A Neurologist Explains Why Being Diagnosed with Autism Can Actually Beneficial
The great thing about autism is, although it is classified as a “disorder” under the DSM-5, being diagnosed with autism is not necessarily a bad thing. In fact, in some instances, having autism can in fact improve quality of life for the diagnosed individual.
Oftentimes a person diagnosed with autism will have trouble understanding social interactions, but will excel at logic and technology. It may frustrate parents, teachers, and caretakers when the child or adolescent doesn’t respond well to classical education — however, the key to teaching a child how to operate in the “real” world is to educate based on that child’s strengths and needs, rather than to teach by the “system.”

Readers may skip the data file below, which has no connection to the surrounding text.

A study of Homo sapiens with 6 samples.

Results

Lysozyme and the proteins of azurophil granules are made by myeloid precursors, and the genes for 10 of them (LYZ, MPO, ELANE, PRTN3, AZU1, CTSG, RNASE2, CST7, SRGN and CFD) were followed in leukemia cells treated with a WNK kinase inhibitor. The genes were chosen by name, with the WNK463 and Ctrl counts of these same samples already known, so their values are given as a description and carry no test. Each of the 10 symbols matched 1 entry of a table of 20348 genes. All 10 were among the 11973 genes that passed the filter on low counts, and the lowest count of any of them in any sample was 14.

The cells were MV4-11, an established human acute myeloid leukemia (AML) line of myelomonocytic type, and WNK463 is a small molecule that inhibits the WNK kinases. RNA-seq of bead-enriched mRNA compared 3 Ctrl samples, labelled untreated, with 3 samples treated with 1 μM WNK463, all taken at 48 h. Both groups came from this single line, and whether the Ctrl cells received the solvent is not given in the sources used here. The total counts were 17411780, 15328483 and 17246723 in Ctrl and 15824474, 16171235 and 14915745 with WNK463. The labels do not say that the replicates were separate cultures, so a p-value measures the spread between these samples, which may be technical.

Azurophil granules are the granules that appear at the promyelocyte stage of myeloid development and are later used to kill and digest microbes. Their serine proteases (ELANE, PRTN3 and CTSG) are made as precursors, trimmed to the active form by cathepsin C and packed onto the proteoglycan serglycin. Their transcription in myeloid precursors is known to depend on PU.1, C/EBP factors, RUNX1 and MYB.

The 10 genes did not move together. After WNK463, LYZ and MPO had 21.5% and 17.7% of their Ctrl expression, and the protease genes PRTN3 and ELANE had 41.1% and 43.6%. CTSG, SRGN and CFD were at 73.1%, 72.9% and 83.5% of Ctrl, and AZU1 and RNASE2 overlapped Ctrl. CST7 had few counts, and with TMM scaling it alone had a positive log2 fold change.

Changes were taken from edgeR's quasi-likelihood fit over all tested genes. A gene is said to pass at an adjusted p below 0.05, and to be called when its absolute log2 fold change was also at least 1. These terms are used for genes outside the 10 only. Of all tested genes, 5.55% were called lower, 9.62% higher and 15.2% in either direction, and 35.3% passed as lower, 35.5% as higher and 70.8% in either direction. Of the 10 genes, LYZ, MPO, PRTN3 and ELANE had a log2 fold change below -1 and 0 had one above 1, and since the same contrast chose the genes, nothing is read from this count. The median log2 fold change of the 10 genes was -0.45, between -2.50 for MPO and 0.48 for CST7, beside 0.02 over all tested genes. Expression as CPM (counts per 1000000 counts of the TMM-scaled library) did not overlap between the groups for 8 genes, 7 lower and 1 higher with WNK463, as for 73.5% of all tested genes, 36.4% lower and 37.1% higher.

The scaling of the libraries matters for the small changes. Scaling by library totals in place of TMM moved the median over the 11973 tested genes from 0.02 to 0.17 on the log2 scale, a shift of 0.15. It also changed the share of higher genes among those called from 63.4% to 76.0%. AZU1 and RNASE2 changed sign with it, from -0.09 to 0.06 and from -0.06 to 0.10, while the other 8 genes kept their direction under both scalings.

Each person on this planet is unique. Each individual has strengths and weaknesses. The trick is learning how to apply your strengths so that you can live a full and meaningful life.
Many adults with autism are unemployed. Conversely, many adults with ASD excel in technology and mathematics. However, if children aren’t given the tools to expand their knowledge on their subject of interest, they may feel there is no place for them in this world — which can lead to a lack of interest in learning about the world.
But Nature doesn’t make mistakes. Autism exists for a reason. There is a place for autism in this world. There is a place for everything. And renowned neurologist Oliver Sacks agrees.
Watch Dr. Sacks explain how, with alternative ways of being, each person on this planet can function and be happy.